Sir Redvers Henry Buller (1839-1908), British general, son of James Wentworth Buller, M.P., of Crediton, Devonshire, and the descendant of an old Cornish family, long established in Devonshire, tracing its ancestry in the female line to Edward I., was born in 1839, and educated at Eton. He entered the army in 1858, and served with the 60th (King's Royal Rifles) in the China campaign of 1860. In 1870 he became captain, and went on the Red River expedition, where he was first associated with Colonel (afterwards Lord) Wolseley. In 1873-74 he accompanied the latter in the Ashantee campaign as head of the Intelligence Department, and was slightly wounded at the battle of Ordabai; he was mentioned in despatches, made a C.B., and raised to the rank of major. In 1874 he inherited the family estates. In the Kaffir War of 1878-79 and the Zulu War of 1879 he was conspicuous as an intrepid and popular leader, and acquired a reputation for courage and dogged determination. In particular his conduct of the retreat at Inhlobane (March 28, 1879) drew attention to these qualities, and on that occasion he earned the V.C.; he was also created C.M.G. and made lieutenant-colonel and A.D.C. to the queen.
In the Boer War of 1881 he was Sir Evelyn Wood's chief of staff; and thus added to his experience of South African conditions of warfare. In 1882 he was head of the field intelligence department in the Egyptian campaign, and was knighted for his services. Two years later he commanded an infantry brigade in the Sudan under Sir Gerald Graham, and was at the battles of El Teb and Tamai, being promoted major-general for distinguished service. In the Sudan campaign of 1884-85 he was Lord Wolseley's chief of staff, and he was given command of the desert column when Sir Herbert Stewart was wounded. He distinguished himself by his conduct of the retreat from Gubat to Gakdul, and by his victory at Abu Klea (February 16-17), and he was created K.C.B. In 1886 he was sent to Ireland to inquire into the "moonlighting" outrages, and for a short time he acted as under-secretary for Ireland; but in 1887 he was appointed quartermaster-general at the war office. From 1890 to 1897 he held the office of adjutant-general, attaining the rank of lieutenant-general in 1891. At the war office his energy and ability inspired the belief that he was fitted for the highest command, and in 1895, when the duke of Cambridge was about to retire, it was well known that Lord Rosebery's cabinet intended to appoint Sir Redvers as chief of the staff under a scheme of reorganization recommended by Lord Hartington's commission.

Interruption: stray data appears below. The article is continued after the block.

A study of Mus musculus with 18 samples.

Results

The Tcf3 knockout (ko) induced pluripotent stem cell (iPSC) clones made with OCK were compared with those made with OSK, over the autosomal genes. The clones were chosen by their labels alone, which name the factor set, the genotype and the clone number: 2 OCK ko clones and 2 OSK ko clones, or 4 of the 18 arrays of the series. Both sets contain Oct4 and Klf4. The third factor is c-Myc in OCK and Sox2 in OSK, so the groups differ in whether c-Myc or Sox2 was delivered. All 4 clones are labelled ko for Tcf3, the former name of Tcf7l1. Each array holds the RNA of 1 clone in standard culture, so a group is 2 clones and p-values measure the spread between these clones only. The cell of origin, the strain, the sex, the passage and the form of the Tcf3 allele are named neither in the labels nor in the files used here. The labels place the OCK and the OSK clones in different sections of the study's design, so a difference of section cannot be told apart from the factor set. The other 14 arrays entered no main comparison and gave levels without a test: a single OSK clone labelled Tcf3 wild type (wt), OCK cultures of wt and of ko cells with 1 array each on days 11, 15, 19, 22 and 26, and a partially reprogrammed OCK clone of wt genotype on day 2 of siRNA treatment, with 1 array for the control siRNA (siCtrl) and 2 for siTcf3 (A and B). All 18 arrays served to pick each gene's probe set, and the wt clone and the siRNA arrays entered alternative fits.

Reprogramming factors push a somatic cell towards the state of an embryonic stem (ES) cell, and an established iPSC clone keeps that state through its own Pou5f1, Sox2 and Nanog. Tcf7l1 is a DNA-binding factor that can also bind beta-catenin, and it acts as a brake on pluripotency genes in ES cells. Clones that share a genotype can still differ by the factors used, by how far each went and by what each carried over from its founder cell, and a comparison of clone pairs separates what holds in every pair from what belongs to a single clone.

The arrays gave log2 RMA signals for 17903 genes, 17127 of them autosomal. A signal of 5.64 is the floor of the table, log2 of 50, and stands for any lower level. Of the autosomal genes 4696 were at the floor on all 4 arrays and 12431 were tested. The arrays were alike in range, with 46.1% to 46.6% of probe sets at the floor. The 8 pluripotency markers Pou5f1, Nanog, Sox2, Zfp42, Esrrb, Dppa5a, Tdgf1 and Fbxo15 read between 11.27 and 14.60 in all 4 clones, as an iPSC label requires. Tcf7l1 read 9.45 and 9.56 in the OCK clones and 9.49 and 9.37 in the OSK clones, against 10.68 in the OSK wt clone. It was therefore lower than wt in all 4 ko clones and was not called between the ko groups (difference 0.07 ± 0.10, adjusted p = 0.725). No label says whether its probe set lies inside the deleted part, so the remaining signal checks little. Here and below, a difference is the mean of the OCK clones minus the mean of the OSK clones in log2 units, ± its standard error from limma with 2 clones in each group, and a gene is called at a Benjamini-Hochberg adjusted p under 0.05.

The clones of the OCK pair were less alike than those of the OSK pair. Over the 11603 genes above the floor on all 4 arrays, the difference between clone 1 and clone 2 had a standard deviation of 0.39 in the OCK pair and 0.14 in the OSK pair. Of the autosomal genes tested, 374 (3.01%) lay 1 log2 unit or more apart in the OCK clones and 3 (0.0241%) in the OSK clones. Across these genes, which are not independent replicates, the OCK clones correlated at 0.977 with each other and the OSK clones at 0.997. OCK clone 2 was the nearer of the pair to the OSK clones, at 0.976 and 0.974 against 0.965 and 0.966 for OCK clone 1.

On the eve of this change, however, the government was defeated, and its successors appointed Lord Wolseley to the command under the old title of commander-in-chief. In 1896 he was made a full general.
In 1898 he took command of the troops at Aldershot, and when the Boer War broke out in 1899 he was selected to command the South African Field Force (see Transvaal), and landed at Cape Town on the 31st of October. Owing to the Boer investment of Ladysmith and the consequent gravity of the military situation in Natal, he unexpectedly hurried thither in order to supervise personally the operations, but on the 15th of December his first attempt to cross the Tugela at Colenso (see Ladysmith) was repulsed. The government, alarmed at the situation and the pessimistic tone of Buller's messages, sent out Lord Roberts to supersede him in the chief command, Sir Redvers being left in subordinate command of the Natal force. His second attempt to relieve Ladysmith (January 10-27) proved another failure, the result of the operations at Spion Kop (January 24) causing consternation in England. A third attempt (Vaalkrantz, February 5-7) was unsuccessful, but the Natal army finally accomplished its task in the series of actions which culminated in the victory of Pieter's Hill and the relief of Ladysmith on the 27th of February. Sir Redvers Buller remained in command of the Natal army till October 1900, when he returned to England (being created G.C.M.G.), having in the meanwhile slowly done a great deal of hard work in driving the Boers from the Biggarsberg (May 15), forcing Lang's Nek (June 12), and occupying Lydenburg (September 6). But though these latter operations had done much to re-establish his reputation for dogged determination, and he had never lost the confidence of his own men, his capacity for an important command in delicate and difficult operations was now seriously questioned.
The continuance, therefore, in 1901 of his appointment to the important Aldershot command met with a vigorous press criticism, in which the detailed objections taken to his conduct of the operations before Ladysmith (and particularly to a message to Sir George White in which he seriously contemplated and provided for the contingency of surrender) were given new prominence. On the 10th of October 1901, at a luncheon in London, Sir Redvers Buller made a speech in answer to these criticisms in terms which were held to be a breach of discipline, and he was placed on half-pay a few days later. For the remaining years of his life he played an active part as a country gentleman, accepting in dignified silence the prolonged attacks on his failures in South Africa; among the public generally, and particularly in his own county, he never lost his popularity. He died on the 2nd of June 1908. He had married in 1882 Lady Audrey, daughter of the 4th Marquess Townshend, who survived him with one daughter.
A Memoir, by Lewis Butler, was published in 1909.